Building an engaged community that is sustainable, profitable and with purpose takes a lot of different elements to make happen. You simply need to consult those who have grown successful social communities and will be inundated with tips and ideas. However, one element that is often overlooked is probably the most fundamental to online community building: your audience.
This blog post will delve into the crucial community element in a little more detail and show how by starting with your audience, you will be on track to see your community grow, flourish and thrive.
First, let’s define exactly what an audience is:
An audience is a group of people who could be your customers, your employees, your prospects, your partners and so on. These are the people you want to attract into your online community – the ones you want, hope and need to be actively engaged in the community.
To enable these things to happen, your planning has to start with them.
As a marketer, you may think of audiences in terms of segments and personas. Online communities allow you to take this one step closer. People are complex beings, and when first starting to build an online community, it is important to think of them as individuals. For instance, when people make choices about how to spend their time online, many considerations come into play. Some of them are fairly predictable, such as products, price and service, or brand sentiment, but others may be random or irrational.
So, to create a community space that attracts people that want to have dialogues with you, know you audience well, properly interact with them, and use the right language and tone.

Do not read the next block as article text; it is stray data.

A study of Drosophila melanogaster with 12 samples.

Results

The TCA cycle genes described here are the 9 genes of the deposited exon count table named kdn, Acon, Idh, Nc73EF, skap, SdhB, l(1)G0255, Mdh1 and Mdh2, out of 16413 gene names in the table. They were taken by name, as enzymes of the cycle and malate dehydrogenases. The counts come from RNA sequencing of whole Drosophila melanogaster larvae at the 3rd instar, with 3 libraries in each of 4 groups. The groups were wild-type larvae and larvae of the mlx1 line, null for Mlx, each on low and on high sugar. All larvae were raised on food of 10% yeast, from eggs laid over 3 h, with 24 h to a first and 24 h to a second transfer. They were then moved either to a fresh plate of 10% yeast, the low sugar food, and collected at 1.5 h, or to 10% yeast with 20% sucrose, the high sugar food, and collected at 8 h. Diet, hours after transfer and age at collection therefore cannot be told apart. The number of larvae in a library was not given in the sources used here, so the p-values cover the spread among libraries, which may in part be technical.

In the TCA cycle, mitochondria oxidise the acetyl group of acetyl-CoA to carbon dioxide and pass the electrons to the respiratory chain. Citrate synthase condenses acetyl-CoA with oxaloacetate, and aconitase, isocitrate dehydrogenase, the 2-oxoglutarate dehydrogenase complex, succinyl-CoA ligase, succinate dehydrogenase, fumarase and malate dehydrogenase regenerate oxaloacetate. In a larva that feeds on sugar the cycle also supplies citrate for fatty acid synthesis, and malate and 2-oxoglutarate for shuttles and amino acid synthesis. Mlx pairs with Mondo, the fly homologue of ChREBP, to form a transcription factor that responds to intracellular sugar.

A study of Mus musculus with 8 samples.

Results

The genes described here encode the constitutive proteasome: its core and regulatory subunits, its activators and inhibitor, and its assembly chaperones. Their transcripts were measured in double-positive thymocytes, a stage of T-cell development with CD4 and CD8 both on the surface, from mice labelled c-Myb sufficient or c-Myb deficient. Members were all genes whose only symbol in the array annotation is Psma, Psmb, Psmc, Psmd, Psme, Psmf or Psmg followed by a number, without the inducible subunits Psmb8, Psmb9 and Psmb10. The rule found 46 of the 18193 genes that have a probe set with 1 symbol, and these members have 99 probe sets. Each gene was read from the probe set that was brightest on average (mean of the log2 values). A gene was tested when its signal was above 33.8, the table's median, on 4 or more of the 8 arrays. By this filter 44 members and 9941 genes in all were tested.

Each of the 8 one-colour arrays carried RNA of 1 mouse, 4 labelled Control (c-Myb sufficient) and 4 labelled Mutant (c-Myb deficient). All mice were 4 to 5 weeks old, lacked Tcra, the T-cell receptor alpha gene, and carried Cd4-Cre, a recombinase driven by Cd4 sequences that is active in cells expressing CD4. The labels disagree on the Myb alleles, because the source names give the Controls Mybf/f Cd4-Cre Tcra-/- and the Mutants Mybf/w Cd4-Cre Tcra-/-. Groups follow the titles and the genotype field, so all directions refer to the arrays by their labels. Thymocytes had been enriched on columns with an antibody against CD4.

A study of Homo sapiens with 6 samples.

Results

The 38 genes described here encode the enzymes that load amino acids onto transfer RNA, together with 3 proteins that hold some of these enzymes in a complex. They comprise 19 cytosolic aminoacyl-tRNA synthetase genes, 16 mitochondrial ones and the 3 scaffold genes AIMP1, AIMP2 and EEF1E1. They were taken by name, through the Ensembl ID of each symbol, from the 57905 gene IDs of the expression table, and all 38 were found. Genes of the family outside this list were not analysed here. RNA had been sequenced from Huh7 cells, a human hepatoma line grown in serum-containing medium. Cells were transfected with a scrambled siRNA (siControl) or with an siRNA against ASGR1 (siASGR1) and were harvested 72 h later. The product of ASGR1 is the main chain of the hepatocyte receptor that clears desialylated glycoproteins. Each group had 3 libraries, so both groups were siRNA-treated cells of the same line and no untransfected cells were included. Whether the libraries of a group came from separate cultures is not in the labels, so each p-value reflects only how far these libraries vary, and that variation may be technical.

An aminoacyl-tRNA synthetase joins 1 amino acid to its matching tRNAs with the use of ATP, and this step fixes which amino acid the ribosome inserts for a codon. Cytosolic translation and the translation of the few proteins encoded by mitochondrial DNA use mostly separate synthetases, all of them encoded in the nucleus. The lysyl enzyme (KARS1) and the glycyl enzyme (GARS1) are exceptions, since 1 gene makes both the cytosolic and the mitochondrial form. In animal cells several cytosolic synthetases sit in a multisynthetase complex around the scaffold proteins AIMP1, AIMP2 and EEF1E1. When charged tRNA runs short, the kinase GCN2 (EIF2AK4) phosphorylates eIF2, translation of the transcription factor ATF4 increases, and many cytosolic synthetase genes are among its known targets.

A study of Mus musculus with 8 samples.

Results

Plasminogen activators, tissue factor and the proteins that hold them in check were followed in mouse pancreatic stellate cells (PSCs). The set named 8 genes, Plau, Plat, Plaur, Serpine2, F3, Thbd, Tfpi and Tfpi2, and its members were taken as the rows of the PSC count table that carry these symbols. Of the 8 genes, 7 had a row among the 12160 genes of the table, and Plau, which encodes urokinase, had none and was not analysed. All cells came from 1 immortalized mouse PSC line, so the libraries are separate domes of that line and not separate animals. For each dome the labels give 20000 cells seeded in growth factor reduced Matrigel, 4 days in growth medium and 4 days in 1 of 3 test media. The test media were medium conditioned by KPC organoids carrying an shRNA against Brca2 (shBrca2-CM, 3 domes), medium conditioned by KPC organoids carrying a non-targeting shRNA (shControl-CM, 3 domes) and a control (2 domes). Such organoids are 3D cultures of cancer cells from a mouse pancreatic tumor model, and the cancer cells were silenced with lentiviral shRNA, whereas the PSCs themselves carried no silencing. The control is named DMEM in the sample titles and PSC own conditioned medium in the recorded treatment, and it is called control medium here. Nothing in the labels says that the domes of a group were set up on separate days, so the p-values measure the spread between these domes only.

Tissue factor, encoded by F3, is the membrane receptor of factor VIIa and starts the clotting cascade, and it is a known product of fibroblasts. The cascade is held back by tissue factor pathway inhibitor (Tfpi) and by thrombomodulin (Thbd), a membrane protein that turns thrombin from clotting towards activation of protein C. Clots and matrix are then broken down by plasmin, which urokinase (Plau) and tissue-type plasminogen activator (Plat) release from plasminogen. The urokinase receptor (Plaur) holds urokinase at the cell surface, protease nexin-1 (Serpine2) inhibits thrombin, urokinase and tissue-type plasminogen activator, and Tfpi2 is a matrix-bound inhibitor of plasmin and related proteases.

To catch and sustain their attention, be open about what’s in it for them. If these things are done right, you are on the right path to building lasting relationships.
The Internet is a huge place where everything is just one click away – you have to work harder than ever to sustain any level of interest from any audience. People choose to visit your site or community space over your competitors because they want to. So, in terms of online communities, being better than your competitors on the web means being aware of the things your audience is trying to achieve online. What are their motivations? The 4 Roads, Social Business Cookbook states that it is “being somewhere people feel they get satisfaction.”
When starting an online community project, you should always start with the audience motivations.
For a community, audience motivations break down into:
You can build a community using any one of these motivations, however, the most successful online communities, in terms of engagement and sustainability include a mix of all four!
So, who is your audience and what are your audience motivations? Knowing exactly whom you want to talk to and the motivations they have will determine the type of communication requirements your online community has. It will also enable you to design a social community platform where the right sorts of conversations happen and one that builds the relationships your business needs with your audience.
Thank you for the insight. This is good stuff!